Separate but equal: What of single-sex education? January 28, 2011Posted by Connie Chow in Executive Director Musings, Gender differences?, girls in science, STEM pipeline efforts.
Tags: Education, gender difference, STEM, stereotype
Title IX advocates, civil rights activists and feminists are generally opposed to single-sex education in the public school system since “separate but equal” is seldom, if ever, achieved. Suzanne Beck, the (former) executive director of the National Coalition for Girls’ Schools countered this claim in an online “debate” last week with Galen Sherwin, staff attorney at the ACLU Women’s Rights Project, by providing evidence of impressive academic achievement of students in the Young Women’s Leadership Network of public schools.
Another objection to single sex schools is squarely laid on the misguided and biased notion that boys and girls learn differently, as Sherwin pointed out eloquently in the counter argument.
This debate is not new, of course. A feature article, Separate but equal: More schools are dividing classes by gender, appeared in the Washington Post last summer just ahead of the school year. For me, the article set off alarm bells about how gender stereotypes are perpetuated in the name of achieving equitable educational outcomes. The type of stereotypes that makes feminists mad. Fortunately it also includes research that shows how these stereotypical behaviors stem from initially minute differences that gets amplified by adults’ stereotyped feedback to children.
For me, the WaPo article set off alarm bells about how gender stereotypes are perpetuated in the name of achieving equitable educational outcomes. The type of stereotypes that makes feminists mad.
So why do we provide single-sex learning environments at Science Club for Girls, you ask? Not because we believe that girls and boys learn differently, as defined by their sex chromosomes (or phenotype, which is typically how they would get sorted). But primarily because girls typically don’t receive the encouragement and affirmation they need to become confident in science, technology, math and engineering in the “world out there”.
The underlying philosophy of Science Club for Girls’ program model is to create environments where girls, no matter the color of their skin, curliness of their hair, the primary language they speak in their home, the occupation or educational level of their guardians, feel safe to explore, to fail, and to try again. We create a space for girls to try on the roles of scientists and engineers; where the message is, “Of course you can!” We encourage them to debate, to be creative, to get messy and to use their brains. In other words, they can adopt behavior and identities that are typically denied them in a co-ed setting.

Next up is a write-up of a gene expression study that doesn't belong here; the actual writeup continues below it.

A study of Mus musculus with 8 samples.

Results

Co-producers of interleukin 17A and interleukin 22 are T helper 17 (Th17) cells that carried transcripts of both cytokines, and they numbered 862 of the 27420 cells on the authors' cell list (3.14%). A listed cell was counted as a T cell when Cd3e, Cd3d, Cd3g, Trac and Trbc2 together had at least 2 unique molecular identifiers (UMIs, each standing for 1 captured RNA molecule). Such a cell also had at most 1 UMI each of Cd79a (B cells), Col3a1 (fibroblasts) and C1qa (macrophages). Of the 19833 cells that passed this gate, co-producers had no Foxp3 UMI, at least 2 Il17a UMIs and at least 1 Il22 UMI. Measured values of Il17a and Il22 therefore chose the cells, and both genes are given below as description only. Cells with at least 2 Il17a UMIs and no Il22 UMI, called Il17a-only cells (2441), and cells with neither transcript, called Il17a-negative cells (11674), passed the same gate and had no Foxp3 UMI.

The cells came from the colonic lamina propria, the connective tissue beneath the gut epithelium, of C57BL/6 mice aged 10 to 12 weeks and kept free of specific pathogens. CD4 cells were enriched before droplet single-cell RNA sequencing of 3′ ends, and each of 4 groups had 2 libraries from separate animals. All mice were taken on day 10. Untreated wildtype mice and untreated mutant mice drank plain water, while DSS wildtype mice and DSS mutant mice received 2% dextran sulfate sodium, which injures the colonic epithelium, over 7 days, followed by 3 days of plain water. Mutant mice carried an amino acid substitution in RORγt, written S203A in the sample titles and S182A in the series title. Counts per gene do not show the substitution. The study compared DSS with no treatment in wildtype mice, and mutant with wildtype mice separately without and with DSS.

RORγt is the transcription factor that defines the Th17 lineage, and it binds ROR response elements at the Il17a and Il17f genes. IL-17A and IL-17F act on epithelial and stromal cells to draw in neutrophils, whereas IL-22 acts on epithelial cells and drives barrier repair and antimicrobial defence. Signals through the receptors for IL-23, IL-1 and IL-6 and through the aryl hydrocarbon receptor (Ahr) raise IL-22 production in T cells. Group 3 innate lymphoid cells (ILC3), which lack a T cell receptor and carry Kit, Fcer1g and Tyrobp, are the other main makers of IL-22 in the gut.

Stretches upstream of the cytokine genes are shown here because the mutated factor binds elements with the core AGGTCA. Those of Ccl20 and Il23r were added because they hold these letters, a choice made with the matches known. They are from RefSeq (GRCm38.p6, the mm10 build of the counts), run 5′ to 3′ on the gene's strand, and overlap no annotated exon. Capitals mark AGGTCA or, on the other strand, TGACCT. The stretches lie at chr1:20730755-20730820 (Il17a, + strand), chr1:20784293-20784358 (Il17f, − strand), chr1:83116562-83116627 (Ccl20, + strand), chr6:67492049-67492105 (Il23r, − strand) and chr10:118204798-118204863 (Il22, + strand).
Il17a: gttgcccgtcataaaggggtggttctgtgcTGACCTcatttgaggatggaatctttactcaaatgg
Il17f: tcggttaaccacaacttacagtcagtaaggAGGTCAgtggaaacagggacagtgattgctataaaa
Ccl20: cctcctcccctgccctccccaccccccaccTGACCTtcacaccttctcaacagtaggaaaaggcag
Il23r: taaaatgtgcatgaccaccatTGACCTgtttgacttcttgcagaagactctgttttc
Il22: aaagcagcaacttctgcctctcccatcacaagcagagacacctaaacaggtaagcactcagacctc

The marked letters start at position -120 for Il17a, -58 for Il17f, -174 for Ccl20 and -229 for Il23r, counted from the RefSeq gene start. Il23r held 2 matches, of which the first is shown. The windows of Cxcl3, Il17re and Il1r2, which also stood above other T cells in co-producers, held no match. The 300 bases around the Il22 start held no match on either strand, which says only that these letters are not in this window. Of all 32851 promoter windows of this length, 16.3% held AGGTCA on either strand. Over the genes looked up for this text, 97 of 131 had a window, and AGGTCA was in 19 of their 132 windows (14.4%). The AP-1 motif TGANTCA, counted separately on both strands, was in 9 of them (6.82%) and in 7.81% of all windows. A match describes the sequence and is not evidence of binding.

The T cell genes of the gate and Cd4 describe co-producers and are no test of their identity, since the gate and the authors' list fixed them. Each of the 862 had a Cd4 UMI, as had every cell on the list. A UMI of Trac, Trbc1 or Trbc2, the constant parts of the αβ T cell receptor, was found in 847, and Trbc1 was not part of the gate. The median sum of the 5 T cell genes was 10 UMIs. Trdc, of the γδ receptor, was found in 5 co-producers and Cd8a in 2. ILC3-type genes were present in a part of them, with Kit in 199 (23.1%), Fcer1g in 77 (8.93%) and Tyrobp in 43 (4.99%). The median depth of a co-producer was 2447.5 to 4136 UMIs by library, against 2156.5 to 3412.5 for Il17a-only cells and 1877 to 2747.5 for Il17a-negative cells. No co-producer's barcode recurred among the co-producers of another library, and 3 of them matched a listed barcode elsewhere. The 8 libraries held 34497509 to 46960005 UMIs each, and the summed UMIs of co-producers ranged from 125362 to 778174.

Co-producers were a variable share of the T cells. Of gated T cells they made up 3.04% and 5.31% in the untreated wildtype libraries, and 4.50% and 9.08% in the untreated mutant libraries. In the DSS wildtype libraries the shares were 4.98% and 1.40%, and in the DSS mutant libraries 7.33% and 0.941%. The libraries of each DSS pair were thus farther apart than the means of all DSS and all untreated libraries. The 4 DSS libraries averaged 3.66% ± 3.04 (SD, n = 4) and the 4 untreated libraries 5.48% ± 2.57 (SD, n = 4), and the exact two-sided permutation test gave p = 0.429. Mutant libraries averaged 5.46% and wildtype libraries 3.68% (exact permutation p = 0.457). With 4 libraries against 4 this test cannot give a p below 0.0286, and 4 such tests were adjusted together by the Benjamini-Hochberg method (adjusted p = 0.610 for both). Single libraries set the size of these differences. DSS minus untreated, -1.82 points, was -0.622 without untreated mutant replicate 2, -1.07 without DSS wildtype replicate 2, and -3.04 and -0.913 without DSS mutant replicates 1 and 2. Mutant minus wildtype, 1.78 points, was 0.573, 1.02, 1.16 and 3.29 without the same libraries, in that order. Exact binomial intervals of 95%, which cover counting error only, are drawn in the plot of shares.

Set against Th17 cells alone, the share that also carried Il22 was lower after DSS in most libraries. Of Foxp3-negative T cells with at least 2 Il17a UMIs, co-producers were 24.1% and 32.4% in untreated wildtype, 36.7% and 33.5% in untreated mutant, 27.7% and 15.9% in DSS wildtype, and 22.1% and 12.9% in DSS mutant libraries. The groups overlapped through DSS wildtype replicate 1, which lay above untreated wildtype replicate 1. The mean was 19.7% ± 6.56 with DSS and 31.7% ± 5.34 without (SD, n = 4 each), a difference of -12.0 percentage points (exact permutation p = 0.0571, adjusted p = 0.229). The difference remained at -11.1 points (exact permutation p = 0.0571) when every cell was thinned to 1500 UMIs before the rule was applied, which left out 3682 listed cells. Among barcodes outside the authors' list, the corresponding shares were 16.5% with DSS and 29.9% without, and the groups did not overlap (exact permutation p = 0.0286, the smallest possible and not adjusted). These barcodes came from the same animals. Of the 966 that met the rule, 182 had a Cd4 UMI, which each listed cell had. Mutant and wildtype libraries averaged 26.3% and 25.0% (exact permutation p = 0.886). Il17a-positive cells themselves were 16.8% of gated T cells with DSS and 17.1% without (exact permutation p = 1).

Why do girls need such an environment?
The AAUW report, Why so Few, Women in Science, Technology, Engineering, and Mathematics, suggests that in spite of all we know and do to steer a girl or woman into STEM fields, societal attitudes have had, continues to have, a disproportionately negative influence on their choices and persistence.
As the research study in the WaPo article and many others suggest, the prevailing environment, i.e. visual messages, verbal cues, body language from peers, parents, teachers and society–delivered subtly and not so subtly, directly or indirectly–shapes the dispositions, behaviours and domain knowledge that influence boys’ and girls’ sense of competency and eventual success. And of course these messages of bias are not confined to gender.
So it is the business of adults and society to always be vigilant around stereotypes instead of embracing them, which many proponents of single-sex schools or classrooms tend to do. (If you think you’re above the fray, try this test to reveal biases that you might not even know you have).
The WaPo article ends a scene from a math class in the girls’ room. Guided by their teacher, Ms. Pointer, a veteran with nine years of experience, figurative light bulbs were turned on in rapid succession. Ms. Pointer’s girls outperforms the boys in the same grade. Ms. Pointer knows how to teach girls because she pats them on their head and coos at them. Right?
The lesson I take from this is not that Ms. Pointer is a good teacher of girls. She’s just a good teacher. Period.
As she herself said, the techniques that she uses around classroom management and setting high expectations work just as well for the male students she’s taught before. Her success lies in her astuteness in picking up cues, listening and responding to students as individuals.
Remember, discrimination is treating everyone the same way when you should treat them differently.
So let’s stop teaching teachers to pigeonhole unique human beings into narrow categories of boy or girl, and let us pay attention to our unexamined assumptions or ideologies that limit children’s learning and prevent them from reaching their full potential.
Let’s create high expectations about our responsibility to all our children and work hard to reform our public education system, direct the necessary professional development and resources, including gender-sensitive training, to teachers, and make sure students receive the support they need to achieve equitable outcomes. And let us dismantle the system of biased beliefs that shackle girls and boys, women and men.
In the mean time, let’s create as many differentiated instructional spaces, literal and figurative, as we can, whether they are in school or out-of-school, so each child can develop the confidence, skills and social network to bravely navigate the imperfect world out there.